Always a risk, One Central project now a tougher sell

More questions emerge about the feasibility of its transit hub and whether the state is still interested in backing it.


A rendering of what the One Central transit hub might look like near Soldier Field.

Landmark Development

Bob Dunn, the developer behind the One Central project proposed near Soldier Field, is no rookie in real estate. He knew, as soon as his plan came to the forefront in 2019, that his massively scaled clutch of nine high-rises over Metra tracks near the lake would be a decades-long venture.

The economy would surge and contract over that time, casting waves over the project the way the tides shape the beaches. Even as he sketched out his $20 billion vision and acquired state backing for it in a minor legislative miracle, future change in the plan was always implied. His goal was to get things started and make sure others got accustomed to big ideas for his property. It could only help his investment.

But Dunn, president of Landmark Development, couldn’t have imagined his project would have severe challenges before it even gets started. As time has passed, questions about it have gotten louder. Editorial boards criticized it for its reliance on a state pledge to back a transit hub with perhaps $6.5 billion over 20 years, a public works flourish that will help Dunn populate those future high-rise homes. It’s like tax increment financing, only it comes from the state and not the city and it relies on growth in sales taxes, not property taxes, to pay off the debt.

Of all the questions surrounding One Central, three are pressing.

Chicago Enterprise bug

Chicago Enterprise

Is the governor of Illinois still on board?

Springfield experts have suggested Gov. J.B. Pritzker has buyer’s remorse over backing the transit hub. A statement from his spokeswoman Emily Bittner made it clear. “With the pandemic’s economic turmoil upending state budgets around the country, it would be a challenge for any state to provide the significant amount this developer is seeking,” Bittner said.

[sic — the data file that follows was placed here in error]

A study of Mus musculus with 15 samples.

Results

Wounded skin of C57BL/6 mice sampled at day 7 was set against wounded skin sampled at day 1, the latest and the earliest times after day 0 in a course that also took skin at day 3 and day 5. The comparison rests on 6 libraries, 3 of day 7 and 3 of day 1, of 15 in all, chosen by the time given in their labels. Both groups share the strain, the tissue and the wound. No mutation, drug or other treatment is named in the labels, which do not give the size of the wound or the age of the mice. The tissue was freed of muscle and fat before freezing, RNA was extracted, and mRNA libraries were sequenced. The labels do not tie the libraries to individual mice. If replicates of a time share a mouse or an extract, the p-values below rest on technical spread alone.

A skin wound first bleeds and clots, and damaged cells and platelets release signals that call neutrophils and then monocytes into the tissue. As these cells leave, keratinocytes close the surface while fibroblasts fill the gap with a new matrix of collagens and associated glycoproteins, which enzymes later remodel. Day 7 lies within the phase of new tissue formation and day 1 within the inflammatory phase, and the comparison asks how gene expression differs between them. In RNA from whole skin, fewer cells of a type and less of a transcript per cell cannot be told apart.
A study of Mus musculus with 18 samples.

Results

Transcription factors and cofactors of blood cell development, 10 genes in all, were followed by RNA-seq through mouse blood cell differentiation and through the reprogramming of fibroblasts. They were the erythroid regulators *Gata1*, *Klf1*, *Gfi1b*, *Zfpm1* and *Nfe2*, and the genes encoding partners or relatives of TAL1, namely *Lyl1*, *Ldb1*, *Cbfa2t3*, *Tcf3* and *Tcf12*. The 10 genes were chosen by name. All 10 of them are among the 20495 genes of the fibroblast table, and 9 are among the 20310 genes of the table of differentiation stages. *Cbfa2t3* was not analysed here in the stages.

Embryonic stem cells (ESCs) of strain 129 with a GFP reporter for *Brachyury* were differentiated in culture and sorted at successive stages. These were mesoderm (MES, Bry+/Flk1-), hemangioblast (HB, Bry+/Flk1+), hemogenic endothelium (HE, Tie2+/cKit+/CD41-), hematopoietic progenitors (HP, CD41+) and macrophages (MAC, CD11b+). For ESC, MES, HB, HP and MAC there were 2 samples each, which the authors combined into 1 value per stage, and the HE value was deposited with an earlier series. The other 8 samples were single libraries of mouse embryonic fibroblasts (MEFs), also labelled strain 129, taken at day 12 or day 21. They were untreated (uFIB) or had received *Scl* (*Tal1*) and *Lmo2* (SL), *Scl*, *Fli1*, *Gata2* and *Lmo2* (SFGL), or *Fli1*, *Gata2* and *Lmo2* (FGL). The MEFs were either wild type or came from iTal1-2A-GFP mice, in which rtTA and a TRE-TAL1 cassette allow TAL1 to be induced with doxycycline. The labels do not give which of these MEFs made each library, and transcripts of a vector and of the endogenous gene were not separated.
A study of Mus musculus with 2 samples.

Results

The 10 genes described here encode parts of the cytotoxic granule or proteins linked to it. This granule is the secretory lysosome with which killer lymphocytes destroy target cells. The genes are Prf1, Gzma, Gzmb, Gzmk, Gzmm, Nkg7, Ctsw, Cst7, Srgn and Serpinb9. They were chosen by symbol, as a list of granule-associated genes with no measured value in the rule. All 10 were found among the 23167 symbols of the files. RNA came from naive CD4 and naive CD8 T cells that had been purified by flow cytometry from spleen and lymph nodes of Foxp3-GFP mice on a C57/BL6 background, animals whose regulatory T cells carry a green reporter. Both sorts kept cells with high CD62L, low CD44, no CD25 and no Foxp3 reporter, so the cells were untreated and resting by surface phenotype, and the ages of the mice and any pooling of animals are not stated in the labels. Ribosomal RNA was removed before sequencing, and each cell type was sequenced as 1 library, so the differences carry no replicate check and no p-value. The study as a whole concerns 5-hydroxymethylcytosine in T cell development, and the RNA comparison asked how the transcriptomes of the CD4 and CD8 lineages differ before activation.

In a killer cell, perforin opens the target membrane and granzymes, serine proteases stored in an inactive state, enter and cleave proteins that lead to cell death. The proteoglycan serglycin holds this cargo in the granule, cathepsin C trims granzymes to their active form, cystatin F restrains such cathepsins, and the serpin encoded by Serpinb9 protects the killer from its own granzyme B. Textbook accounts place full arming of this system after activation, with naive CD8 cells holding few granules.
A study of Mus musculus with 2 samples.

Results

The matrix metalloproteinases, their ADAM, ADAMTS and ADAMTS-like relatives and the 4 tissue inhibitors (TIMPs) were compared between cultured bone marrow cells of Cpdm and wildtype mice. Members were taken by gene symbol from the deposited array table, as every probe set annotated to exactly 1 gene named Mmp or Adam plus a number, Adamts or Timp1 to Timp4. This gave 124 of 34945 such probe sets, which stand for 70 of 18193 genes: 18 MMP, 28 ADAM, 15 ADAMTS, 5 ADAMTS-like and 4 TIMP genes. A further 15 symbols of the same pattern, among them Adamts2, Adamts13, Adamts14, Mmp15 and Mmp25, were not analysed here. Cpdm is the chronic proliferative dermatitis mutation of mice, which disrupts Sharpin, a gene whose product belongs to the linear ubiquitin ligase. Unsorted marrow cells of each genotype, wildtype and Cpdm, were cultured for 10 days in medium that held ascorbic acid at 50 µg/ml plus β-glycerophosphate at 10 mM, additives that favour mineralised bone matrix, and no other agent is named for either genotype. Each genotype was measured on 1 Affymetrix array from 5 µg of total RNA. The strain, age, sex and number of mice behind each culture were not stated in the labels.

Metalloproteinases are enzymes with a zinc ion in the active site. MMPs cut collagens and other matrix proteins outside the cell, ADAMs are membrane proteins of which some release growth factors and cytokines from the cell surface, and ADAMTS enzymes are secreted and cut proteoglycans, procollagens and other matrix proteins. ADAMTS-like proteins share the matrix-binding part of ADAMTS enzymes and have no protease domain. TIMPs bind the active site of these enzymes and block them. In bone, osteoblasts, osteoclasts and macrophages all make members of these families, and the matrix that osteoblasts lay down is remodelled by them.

So this deal is not a priority, even though the budget bill that allowed the public-private partnership doesn’t foresee any state spending until fiscal 2024, at the earliest. Dunn could be without his ground-floor financial partner.


Bob Dunn, president of Landmark Development


Will City Hall agree to the zoning?

Mayor Lori Lightfoot ran on a get-tough-on-developers platform, and One Central will test her. Other megadeals in the city, Lincoln Yards and The 78, were approved before she was sworn in. She didn’t like how Dunn slid his project into the state budget, calling it a “sleight of hand.”

State Rep. Kam Buckner, D-Chicago, whose district includes the site, said he’s been hearing from constituents opposed to the project. He said he, too, was angry that it was “rammed through without real conversations with us” who represent the area. “I’m not anti-development, but this has to make sense,” Buckner said.

Ald. Pat Dowell (3rd) will have crucial say in the zoning. She said she’s reserving judgment for now, but opinions registered at her office are mostly against One Central. Dowell said the workability of the transit hub is key. “Then there’s the buildings’ density, design and height, but all of that to me is secondary,” she said.

Is that transit hub feasible?

“The developer has not shared a transit study with the state that would demonstrate the need for a transit hub,” a state official said. City officials in February asked Dunn for the data, including whether his planned connection for Metra, Amtrak and the CTA would work if zoning won’t give him the 9,050 residences he wants.

The planning department said there has been no response. A spokesman for Dunn said a study will be submitted in a few weeks.

Chicago now has businesses that board up preemptively when the news suggests trouble. It’s scaring off people from living in or near downtown, especially if the pandemic has caused a permanent loss of restaurants and other favored haunts. Last week, the Regional Transportation Authority put out a survey that said 20% of transit users pre-pandemic might never return.

Dunn eventually might have to flip his project around and deck over the Metra tracks to get a couple of buildings and prove people want to live there, then try the transit hub. He might have to settle for a more modest development.

It would be wrong, though, to say he can’t pull it off. His spot is a logical place for the city to grow, and developers here have long since mastered the art of building over train yards. Towers in the East and West Loop have sprouted from that innovation known as “air rights.”

If Dunn can’t do it, someone else will in time. The profit hunt outlasts any state or city administration.